The birth of a new family member is one of life’s greatest moments. However, this extraordinary occasion can leave your pet confused or scared. According to the Pawlicy Advisor, 47.2% of Colorado households have a dog, cat, bird, or other critter waiting at home. If you fall within these statistics, use our guide. Here are a few tips to help introduce your baby to your four-legged friends here in Centennial. 

Schedule a Veterinary Exam

Image via Flickr by mliu92 Licensed CC BY-SA 2.0

The first step to a successful introduction is to lay the groundwork well in advance. Before the baby comes home, take care of routine check-ups. It’s crucial that your veterinarian runs a series of medical tests on your pets as soon as you find out you’re expecting.

For example, test your cats for toxoplasmosis because it can affect your pregnancy. According to the Mayo Clinic, mothers exposed to this common parasite could pass the infection on to infants in the womb. Congenital toxoplasmosis may cause serious complications, like a miscarriage. Babies may also experience seizures, jaundice, and eye infections after birth.

Other types of parasites can also be dangerous to humans. Your pet’s doctor will deworm them and take a stool sample for testing. Make sure their vaccines are up to date, too, and have the tech trim your pet’s nails to prevent scratches.

Hire a Pet Trainer

Hiring a professional pet trainer can help you address unwanted behaviors like jumping, excessive barking, and even marking. Start working with your animals well before your baby’s due date. Depending on their general temperament and how problematic the behavior is, you may need to start right away.

If your pet has shown any aggression toward children or adults, enlist the help of an expert trainer. You may also want to contact your local American College of Veterinary Behaviorist to learn about potential medical conditions that may contribute to your pet’s negative actions, like arthritis.

Set Up the Nursery

Start laying a solid foundation for pet-baby harmony by getting your dog or cat used to the nursery. This new family member comes with unfamiliar smells, like diaper ointment, and makes all kinds of strange noises. All of these changes are likely to make your pets anxious.

Give your pet plenty of time to adjust to the new environment. Unpack the baby’s new furniture and set up the nursery as soon as possible. Introducing them to these permanent fixtures before your child comes home gives you the chance to teach pets which areas are off-limits.

The ASPCA strongly recommends that you discourage cats from sleeping in your infant’s crib. Infants and felines can certainly co-exist harmoniously. However, a heat-seeking kitty may cuddle too close to your newborn’s face, making it difficult to breathe. Some parents use a motion-sensing pet sprayer to keep cats out of restricted areas.

Introduce the Idea of a Baby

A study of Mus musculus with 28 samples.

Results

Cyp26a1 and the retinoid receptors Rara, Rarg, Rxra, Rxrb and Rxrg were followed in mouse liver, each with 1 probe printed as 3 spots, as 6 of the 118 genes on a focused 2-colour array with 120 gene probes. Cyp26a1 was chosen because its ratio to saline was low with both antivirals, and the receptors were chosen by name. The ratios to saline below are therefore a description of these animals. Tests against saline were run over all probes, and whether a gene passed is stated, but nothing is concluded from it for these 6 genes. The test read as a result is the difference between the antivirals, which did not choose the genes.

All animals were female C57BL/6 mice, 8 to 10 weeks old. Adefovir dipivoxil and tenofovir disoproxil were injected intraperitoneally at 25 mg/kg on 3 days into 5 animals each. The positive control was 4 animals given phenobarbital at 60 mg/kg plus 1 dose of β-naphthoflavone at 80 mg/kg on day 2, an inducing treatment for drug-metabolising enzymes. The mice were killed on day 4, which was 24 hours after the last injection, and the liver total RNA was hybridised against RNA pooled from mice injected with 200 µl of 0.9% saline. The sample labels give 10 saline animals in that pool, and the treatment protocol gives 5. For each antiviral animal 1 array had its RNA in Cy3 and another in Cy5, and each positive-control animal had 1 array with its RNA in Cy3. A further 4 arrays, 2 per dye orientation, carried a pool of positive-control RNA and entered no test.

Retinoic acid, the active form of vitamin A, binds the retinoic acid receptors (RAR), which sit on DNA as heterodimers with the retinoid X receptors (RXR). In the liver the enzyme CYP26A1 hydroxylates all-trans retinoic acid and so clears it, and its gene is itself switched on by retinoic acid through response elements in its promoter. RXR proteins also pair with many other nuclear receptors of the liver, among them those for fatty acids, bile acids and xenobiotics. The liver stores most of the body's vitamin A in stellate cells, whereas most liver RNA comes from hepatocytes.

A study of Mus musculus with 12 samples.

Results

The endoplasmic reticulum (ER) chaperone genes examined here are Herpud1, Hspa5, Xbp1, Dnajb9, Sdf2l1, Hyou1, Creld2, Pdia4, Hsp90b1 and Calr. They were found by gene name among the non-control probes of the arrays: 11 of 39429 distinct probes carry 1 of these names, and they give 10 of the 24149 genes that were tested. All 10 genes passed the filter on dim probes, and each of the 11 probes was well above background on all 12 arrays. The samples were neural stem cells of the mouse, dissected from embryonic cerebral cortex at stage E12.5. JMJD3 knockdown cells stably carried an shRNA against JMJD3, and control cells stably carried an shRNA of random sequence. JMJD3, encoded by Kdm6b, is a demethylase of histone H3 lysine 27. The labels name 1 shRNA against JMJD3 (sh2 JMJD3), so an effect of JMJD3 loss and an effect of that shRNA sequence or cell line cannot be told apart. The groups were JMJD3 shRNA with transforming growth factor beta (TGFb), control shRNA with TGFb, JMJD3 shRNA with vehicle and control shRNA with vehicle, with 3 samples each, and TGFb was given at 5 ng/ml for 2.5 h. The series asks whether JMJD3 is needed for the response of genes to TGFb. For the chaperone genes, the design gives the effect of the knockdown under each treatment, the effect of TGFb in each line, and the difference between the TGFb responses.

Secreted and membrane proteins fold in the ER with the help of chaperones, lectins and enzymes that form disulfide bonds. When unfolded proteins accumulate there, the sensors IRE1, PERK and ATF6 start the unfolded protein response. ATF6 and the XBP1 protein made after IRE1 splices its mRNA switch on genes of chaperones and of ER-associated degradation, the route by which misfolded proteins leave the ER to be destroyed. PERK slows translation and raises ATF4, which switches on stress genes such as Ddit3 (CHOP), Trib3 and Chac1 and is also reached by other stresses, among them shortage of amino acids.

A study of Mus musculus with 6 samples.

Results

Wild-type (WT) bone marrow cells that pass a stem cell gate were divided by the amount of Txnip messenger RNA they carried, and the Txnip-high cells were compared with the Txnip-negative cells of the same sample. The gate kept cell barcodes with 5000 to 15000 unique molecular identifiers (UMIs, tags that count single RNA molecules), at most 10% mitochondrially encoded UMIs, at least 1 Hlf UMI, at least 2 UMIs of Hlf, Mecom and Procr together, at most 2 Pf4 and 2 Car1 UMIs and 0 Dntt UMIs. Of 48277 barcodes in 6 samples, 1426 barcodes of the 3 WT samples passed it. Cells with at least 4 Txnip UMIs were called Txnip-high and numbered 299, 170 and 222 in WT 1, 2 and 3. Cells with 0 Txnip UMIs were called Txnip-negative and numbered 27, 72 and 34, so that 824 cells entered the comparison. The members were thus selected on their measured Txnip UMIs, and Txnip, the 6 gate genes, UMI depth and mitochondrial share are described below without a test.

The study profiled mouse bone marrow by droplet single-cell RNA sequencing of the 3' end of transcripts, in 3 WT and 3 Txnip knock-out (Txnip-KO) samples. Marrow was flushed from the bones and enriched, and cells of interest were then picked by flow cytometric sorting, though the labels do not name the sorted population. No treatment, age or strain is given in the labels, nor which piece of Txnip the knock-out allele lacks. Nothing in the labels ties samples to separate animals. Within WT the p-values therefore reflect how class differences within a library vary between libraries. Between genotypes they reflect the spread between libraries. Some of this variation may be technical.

It is possible to introduce pets and their new human siblings before you bring your infant home from the hospital. The blanket trick does seem to help, especially with dogs. Letting Fido sniff a clothing item the baby wore at the hospital, followed by a treat, may reinforce a positive association with your infant’s scent. However, it isn’t a cure-all, and other pets, like birds, won’t react in the same way.

Newborns are noisy, and the only way they can convey hunger or discomfort is by crying — sometimes loudly. This commotion can be overwhelming to your pet’s sensitive ears, making them feel frustrated or agitated. To avoid this, try playing common infant sounds at home while your pets are relaxing. Recordings of baby sounds coupled with affection can show your pets that the noise is no reason to get upset.

Hold the First Meeting in a Neutral Space

Once your and the baby are safely home, it’s time to officially introduce your new family member. Allow the pair to meet in a safe, neutral place, like in the front yard of your house. Make sure you are calm and reassuring and take it slow. There’s no reason to rush either family member.

Make sure to have a dedicated pet spotter to keep an eye on your pet at all times during this hectic moment. If you have more than one pet, enlist a buddy watcher or kennel your dogs or cats and introduce them to your bundle of joy one at a time. Keep alerts for your pet’s warning signs of fear and aggression, so you can remove them from the situation before it becomes an issue.

Most pets provide ample warning signs of a bite. Your dog may communicate fear or uncertainty by freezing, stiffening, or looking away, while a cat may flick its ears, stiffen its tail, or even show its teeth. It’s easy to misinterpret an animal’s intentions, too. According to the American Kennel Club, when a dog licks its lips, it may not be signaling a desire to kiss your infant. Instead, this action could indicate discomfort with the situation.

Make Time for Pets

If you’re like most new parents, you’ll probably find yourself caught in a love triangle between your fur babies and your child. This exciting, exhausting time comes with many changes, and it’s easy to forget about the needs of your four-legged friends during this transition.

Remember your faithful pal, and dedicate a few minutes to doing one of your dog’s favorite activities, like going for a hike or your family can head to Cherry Creek State Park. It has a fantastic fenced, off-leash dog park off South Entrance Road. Set a timer if that helps keep you on track if you need to. Carving out some special time with your pet will make life more enjoyable for everyone. 

So, there you have it. . Do you think our suggestions will work for you? Did we forget your best strategy — one we should share with other Colorado parents? If we did, let us know! Then, drop us a line so we can update our guide with your recommendations.